First, there are as many ways to feed your whippet as there are to feed yourself. Most whippets are easy keepers and will do well on a variety of foods. There is no one “right” way to feed your dog. Anyone who tells you “you have to feed raw” or “you have to feed Brand X” or “whippets only thrive on home cooked food” is full of what comes out of the south end of a whippet. There is no singular diet or brand of food that is “the best” for every dog. Some people treat certain diets like a religion and will preach the virtues and magical properties of it and convince you that anything else you try and feed is akin to poison. Just smile and nod and remember not to ask that person about feeding ever again.
There are some diets that are better than others. The best you can do for your dog is feed the best food you can reasonably afford that agrees with your dog. This is important because the most expensive food is not always the best for your dog. If you’re paying $45 for 15lb. bag of kibble and your dog has diarrhea and horrible gas, you are wasting your money. If your dog is eating a grocery store brand and looks good, with firm formed stools, a glossy coat and rippling muscles then obviously that is the better food for them. Go with what your dog thrives on and try to get the best ingredients you can.
The main difference between grocery store kibble and premium kibble is the quality of ingredients. Premium kibbles have ingredients that are more easily digested and have less filler. Using a premium kibble you will be able to feed much less. As an example, my 55lb greyhound only ate 2 cups of Innova Adult per day. When on a cheaper brand of food I had to feed 4 cups a day to keep her at the same weight. Be aware that some premium kibbles seem to be too rich and may cause gas and loose stools. You may have to try a few before you find one that works. Some dogs have no issue with diet changes and you can just start with the new food. It’s always a good idea to make diet changes gradually, over 3-5 days by mixing the two, in case you have a dog that will get sick from a sudden change. There are plenty of sites that rate kibble by its ingredients, see Dog Food Analysis and Dog Food Advisor. Get the best food you can afford that agrees with your dog.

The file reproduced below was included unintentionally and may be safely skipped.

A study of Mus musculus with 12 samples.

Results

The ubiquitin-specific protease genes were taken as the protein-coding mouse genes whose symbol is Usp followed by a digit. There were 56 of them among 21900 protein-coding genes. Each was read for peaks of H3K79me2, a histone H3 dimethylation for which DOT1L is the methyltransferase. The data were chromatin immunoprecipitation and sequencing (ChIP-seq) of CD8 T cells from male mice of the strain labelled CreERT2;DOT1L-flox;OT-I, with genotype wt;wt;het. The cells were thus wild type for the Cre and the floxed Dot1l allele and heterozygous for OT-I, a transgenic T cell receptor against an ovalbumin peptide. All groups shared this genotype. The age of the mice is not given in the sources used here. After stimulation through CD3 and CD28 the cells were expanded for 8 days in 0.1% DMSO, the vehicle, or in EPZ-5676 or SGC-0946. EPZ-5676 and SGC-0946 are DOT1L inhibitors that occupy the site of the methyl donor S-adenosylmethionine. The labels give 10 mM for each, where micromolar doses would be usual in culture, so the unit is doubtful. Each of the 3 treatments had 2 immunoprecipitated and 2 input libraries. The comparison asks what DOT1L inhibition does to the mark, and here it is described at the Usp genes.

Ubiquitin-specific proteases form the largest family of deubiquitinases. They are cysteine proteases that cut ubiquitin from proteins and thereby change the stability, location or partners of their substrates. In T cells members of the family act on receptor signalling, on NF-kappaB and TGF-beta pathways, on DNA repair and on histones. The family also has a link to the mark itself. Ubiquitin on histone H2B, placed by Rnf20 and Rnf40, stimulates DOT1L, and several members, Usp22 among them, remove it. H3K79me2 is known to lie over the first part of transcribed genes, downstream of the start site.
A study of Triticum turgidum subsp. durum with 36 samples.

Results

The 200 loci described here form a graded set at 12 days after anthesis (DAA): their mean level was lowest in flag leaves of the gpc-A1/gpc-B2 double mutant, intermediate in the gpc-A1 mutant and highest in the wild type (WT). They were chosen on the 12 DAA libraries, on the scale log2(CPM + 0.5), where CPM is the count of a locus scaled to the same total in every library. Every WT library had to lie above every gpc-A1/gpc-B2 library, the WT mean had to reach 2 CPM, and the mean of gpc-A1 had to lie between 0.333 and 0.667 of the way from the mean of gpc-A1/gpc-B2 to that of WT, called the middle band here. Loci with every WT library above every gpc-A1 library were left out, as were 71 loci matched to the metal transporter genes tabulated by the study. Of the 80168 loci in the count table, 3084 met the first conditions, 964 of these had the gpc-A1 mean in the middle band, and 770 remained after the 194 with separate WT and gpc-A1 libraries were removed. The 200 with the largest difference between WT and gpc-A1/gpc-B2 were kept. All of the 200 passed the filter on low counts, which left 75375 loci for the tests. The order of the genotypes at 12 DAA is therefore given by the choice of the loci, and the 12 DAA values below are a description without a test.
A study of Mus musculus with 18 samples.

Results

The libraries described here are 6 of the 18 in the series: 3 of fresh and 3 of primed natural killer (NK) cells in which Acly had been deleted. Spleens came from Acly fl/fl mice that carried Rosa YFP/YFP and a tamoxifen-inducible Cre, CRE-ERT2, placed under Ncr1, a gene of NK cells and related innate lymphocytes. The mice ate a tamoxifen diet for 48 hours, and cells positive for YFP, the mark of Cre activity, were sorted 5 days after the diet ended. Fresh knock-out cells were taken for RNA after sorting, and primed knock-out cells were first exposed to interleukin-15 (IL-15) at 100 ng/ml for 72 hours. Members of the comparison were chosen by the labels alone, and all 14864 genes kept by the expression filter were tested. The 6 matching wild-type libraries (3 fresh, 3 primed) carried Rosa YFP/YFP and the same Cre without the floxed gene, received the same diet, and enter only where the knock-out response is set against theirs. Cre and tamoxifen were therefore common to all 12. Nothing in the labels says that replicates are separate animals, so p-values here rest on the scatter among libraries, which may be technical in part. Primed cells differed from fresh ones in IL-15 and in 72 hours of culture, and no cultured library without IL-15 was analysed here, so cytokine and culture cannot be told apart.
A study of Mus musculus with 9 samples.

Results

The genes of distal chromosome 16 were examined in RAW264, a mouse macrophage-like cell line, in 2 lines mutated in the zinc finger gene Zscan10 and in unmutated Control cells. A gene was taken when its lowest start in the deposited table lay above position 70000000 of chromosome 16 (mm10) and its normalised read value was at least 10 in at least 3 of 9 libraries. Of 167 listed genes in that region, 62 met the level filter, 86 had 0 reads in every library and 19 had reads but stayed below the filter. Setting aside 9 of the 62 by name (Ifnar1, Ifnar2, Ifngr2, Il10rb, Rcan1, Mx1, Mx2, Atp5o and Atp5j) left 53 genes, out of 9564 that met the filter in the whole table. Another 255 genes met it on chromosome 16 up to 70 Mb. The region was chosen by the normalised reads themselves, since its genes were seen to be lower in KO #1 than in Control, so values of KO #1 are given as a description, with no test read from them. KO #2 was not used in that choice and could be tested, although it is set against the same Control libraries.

Raw diets can be very good, but should not be undertaken lightly. You can’t just decide to switch to raw and pick up some hamburger meat from you grocery store. Well you could, but chances are your dog will suffer from an imbalanced diet. If you want to try feeding raw, do some reading first. There are tons of books out there, I read Raw Dog Food: Make It Easy for You and Your Dog and THE BARF DIET. Feeding raw takes a lot of effort and becomes more of a lifestyle than a dog food. You find yourself buying a meat grinder, becoming well acquainted with your butcher or even joining a raw food co-op. If the idea of sifting through a 40lb box of chicken necks swimming in blood makes you gag – you may want to try one of the pre-made frozen diets like Bravo or Nature’s Variety. Be aware that these diets are very expensive, upwards of $5/lb.
Dehydrated Raw Diets
These are diets that you mix with hot water to reconstitute, like Honest Kitchen, Nature’s Advantage and Grandma Lucy’s. These diets are also expensive, although Honest Kitchen has a range of diets and prices. these diets have the advantage of not having to be refrigerated and are completely balanced, so need no additions. I have pretty much settled on Honest Kitchen as my diet of choice. It is made of all human grade ingredients and completely balanced, so I don’t have to worry about nutrient levels and variety like I would feeding an all raw meat diet.
What I Feed
Let me preface this by saying over the past 13 years I have tried A LOT of foods. Just some that I can remember off the top of my head, Pinnacle, Flint River Ranch, Innova, Regal, Wellness, raw, and Honest Kitchen. For a long time all the dogs ate Innova (adult and senior). I was very pleased with their kibble and if it hadn’t gone up so much in price I probably would have stuck with it. Right now Lemmy eats Honest Kitchen Embark or Thrive mixed with Blue Ridge Beef’s raw mix. Nemo couldn’t handle the raw food at his age so he got Honest Kitchen Keen mixed with Wellness whitefish kibble.
AM – 1/2 cup Honest Kitchen mixed with 1/2 cup hot water
PM – 1/3 cup Honest Kitchen mixed with 1/3 cup hot water, 4-6 oz Blue Ridge Beef’s beef diet
AM – 1/3 cup Honest Kitchen mixed with 1/3 cup hot water
PM - 1/3 cup Honest Kitchen mixed with 1/3 cup hot water,1/2 cup Wellness whitefish kibble
There is nothing sadder than a fat whippet. Please, please do not allow your whippet to get fat. At a good weight you should be able to see a few vertebrae, hints of hip bones and a rib or two. Whippets should not look like labs, they should have narrow little waists and a defined tuck-up. Be careful if you feed kibble – the recommended amounts on the bag are usually way more than your dog actually needs. The worst thing is that people with fat whippets are usually completely devoted to them, but just can’t see that the extra pounds are taking years off their life. Joint damage, metabolic disorders, liver and kidney disease are all possibilities in a fat dog’s future.